Thursday, September 1, 2011

Abstract Language #2: ottar ormstad’s bokstavteppekatalogen.


ottar ormstad’s bokstavteppekatalogen is a triumph. ormstad’s style is quite traditional and would not be out of place in some of the classic anthologies of concrete poetry like Mary Ellen Solt’s 1968 volume Concrete Poetry: A World View. Working exclusively in the typeface Helvetica Neue 75 Bold, ormstad echoes classical visual poems by Eugen Gomringer, D├ęcio Pignatari and Franz Mon.

Where ormstad builds upon those important early practitioners of visual poetry is with the integration of op art stylistics. ormstad work uses InDesign to breathe fresh life into this clean form. bokstavteppekatalogen’s 24 pages vary from lyrical abstractions to beautifully rippling Op Art canvases that undulate in way reminiscent of Victor Vasarely and Bridget Riley. In yet another example of Brion Gysin’s dictum that “literature is 50 years behind art”, Solt’s anthology represented the most comprehensive sampling of international visual poetry at the time but few of the visual poets pushed the composition of poetry towards op art. There are a few minor examples of visual poets engaging directly with the artistic aims of op art, but it is until ormstad’s 2007 bokstavteppekatalogen that a poet works with the form so convincingly.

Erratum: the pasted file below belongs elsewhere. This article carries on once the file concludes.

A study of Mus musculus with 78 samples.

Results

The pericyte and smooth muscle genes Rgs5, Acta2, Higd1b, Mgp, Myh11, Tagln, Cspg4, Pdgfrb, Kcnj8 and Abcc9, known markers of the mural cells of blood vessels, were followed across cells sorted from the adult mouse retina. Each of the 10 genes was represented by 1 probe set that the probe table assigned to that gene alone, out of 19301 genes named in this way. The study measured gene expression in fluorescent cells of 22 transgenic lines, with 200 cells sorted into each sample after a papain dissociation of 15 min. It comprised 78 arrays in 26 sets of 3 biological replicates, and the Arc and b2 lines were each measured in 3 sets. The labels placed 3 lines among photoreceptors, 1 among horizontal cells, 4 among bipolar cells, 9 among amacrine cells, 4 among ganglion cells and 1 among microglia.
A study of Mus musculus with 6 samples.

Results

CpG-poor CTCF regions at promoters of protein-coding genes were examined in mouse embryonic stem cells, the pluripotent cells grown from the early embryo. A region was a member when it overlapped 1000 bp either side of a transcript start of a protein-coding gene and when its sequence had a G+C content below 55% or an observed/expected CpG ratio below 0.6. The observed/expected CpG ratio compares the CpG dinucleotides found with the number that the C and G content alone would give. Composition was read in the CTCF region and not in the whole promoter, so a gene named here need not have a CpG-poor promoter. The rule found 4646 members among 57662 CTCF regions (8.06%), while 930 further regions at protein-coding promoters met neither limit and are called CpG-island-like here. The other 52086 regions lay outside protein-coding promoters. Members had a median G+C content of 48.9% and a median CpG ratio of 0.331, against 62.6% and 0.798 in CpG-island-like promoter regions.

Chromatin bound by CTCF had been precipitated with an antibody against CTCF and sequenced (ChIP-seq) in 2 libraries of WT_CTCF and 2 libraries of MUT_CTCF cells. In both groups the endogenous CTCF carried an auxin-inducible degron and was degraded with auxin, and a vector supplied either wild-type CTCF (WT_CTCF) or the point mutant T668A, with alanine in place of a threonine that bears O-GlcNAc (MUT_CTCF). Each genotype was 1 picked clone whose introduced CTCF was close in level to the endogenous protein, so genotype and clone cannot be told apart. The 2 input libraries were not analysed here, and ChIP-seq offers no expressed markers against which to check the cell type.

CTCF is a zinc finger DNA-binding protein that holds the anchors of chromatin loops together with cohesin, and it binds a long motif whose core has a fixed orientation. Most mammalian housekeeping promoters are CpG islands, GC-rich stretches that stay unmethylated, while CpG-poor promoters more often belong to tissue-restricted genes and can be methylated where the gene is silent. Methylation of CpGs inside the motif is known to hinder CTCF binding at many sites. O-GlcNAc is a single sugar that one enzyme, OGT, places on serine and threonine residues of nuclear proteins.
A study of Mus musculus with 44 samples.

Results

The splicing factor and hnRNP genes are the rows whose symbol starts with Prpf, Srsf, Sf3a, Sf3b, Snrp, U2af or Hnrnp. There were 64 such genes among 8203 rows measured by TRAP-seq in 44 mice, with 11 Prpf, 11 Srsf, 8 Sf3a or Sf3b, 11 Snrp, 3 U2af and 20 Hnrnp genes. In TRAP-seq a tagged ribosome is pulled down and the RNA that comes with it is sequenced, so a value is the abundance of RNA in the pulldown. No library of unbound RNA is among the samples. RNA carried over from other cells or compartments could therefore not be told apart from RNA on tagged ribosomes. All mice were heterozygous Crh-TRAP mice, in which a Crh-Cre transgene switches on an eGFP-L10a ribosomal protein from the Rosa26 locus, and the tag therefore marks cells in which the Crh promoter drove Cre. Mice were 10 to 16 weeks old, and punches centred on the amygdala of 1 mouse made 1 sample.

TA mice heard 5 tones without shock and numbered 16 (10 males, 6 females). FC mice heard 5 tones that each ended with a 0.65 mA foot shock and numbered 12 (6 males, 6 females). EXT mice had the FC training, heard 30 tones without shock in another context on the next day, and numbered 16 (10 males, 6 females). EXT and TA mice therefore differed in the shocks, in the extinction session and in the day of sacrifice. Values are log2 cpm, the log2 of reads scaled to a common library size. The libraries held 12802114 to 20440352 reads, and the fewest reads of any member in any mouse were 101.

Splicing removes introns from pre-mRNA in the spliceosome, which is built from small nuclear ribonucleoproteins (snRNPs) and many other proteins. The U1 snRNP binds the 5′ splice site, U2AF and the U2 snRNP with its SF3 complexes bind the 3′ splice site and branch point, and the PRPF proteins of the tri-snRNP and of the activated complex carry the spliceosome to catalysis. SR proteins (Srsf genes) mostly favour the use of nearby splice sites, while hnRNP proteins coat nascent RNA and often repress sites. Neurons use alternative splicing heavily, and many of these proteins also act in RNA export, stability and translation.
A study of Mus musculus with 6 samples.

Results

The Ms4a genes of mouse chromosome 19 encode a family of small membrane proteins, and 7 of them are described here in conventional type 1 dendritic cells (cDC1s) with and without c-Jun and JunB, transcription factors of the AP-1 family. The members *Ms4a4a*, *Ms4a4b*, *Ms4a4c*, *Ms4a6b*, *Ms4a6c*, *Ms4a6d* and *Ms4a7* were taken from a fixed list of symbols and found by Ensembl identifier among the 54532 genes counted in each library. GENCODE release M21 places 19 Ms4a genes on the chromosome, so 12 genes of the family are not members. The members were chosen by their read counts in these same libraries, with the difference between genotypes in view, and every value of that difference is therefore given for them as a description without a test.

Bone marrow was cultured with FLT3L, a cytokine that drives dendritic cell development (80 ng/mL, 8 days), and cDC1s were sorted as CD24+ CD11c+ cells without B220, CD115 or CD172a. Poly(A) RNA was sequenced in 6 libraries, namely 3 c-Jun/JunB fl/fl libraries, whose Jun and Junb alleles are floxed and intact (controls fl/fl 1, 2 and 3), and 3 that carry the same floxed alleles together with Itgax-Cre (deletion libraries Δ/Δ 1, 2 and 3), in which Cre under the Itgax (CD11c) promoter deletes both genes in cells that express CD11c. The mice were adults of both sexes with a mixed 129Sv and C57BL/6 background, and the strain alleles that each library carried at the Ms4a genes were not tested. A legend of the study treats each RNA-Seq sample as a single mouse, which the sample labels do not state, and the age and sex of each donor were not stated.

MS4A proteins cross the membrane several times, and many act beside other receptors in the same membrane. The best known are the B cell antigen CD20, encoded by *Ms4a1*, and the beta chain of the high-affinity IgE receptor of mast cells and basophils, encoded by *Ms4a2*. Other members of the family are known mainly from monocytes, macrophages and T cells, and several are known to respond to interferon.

Charles Olson argued in his 1950 essay “Projective Verse” that the
advantage of the typewriter [is] that, due to its rigidity and its space precisions, it can, for a poet, indicate exactly the breath, the pauses, the suspensions even of syllables, the juxtapositions even of parts of phrases, which he intends,

arguing that “for the first time the poet has the stave and the bar a musician has had.”

Early visual poets like dom sylvester houedard explored the possibilities of the typewriter as a compositional tool beyond the enforced grid (see his 1972 volume Like Contemplation (PDF)), ormstad further extended that reconnoitering into digital typesetting.

By manipulating the kerning of blocks of text almost unnoticeably and highlighting the slight variations in a non fixed-point typeface, ormstad creates the appearance of movement.
ormstad’s work is difficult to locate, but is worth the effort.

2 comments:

  1. good to see these - along with your comments!